The "against all" vote, a popular mechanism of protest until it was stricken from the Russian ballot in 2006, may soon reappear on the initiative of the very people who removed it — the ruling United Russia party.
Valentina Matviyenko, who is the Federation Council's Speaker and a United Russia member, said in a letter published by Izvestia that she will submit a draft bill to the State Duma on Wednesday for the reintroduction of the "against all" option.
The bill was prepared by Matviyenko and other members of the council, who believe that the return of the "against all" vote will "more fully reflect in the election process the diversity of political opinions, of public interests, which is characteristic of our country today," Matviyenko wrote.
If the Duma approves the bill, the "against all" vote will be added to ballots for all elections except for the presidential election.
"The president is the protector of the Constitution, he is endowed with various weighty powers, and if he didn't perform them the government and country would become simply incapable," Matviyenko wrote.
Prime Minister Dmitry Medvedev said in September that he was open to a discussion on the matter. "In principle I do not object to it, it could be of some use," Medvedev said in an interview with Rossia 24, adding that the question "demands further discussion."
The decision to push for the option to be restored may be hard to fathom, given that Matviyenko said as recently as 2011 that she did not believe its reinstitution could make elections more democratic, RIA Novosti reported.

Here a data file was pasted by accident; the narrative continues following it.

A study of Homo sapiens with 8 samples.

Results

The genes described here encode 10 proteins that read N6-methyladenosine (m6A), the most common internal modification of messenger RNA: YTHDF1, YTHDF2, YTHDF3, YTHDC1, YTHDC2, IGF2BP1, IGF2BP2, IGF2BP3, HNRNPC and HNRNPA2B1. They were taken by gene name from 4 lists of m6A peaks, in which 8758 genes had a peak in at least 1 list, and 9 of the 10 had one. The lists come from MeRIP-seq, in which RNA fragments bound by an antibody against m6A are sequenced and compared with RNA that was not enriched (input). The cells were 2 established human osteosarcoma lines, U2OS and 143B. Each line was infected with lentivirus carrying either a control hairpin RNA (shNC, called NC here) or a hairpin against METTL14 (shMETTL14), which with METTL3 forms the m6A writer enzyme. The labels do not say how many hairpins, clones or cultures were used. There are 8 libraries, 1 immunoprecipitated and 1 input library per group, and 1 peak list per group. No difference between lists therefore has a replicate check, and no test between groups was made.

"In returning the "against all" vote, the authorities can say that they are meeting opposition-minded citizens halfway. However, this option works against the opposition, eroding its electorate even further," Alexei Makarkin, deputy head of the Center for Political Technologies, in an interview with Expert.ru in September.
Some analysts have said that the return of "against all" could drain the opposition vote, as citizens who are against United Russia but not committed to another party would have a vehicle to express their discontent without choosing a specific political program.
However, others have pointed to chronically low voter turnout in recent years as a sign that former "against all" voters would rather avoid elections than vote for the opposition.
Meanwhile, Russia's leading opposition parties remain divided on the return of "against all."
The Communist Party's Sergei Obukhov said that the option might make sense in a balanced political system, but that in key regions where United Russia dominates, any votes for minor parties or "against all" can only secure the ruling party's control.
The Liberal Democratic Party's Igor Lebedev said that his party is against any further changes to election legislation, while A Just Russia's Alexander Burkov said that he supports the idea, but only if it is paired with the introduction of a minimum voter turnout threshold that elections would have to meet to be considered legitimate.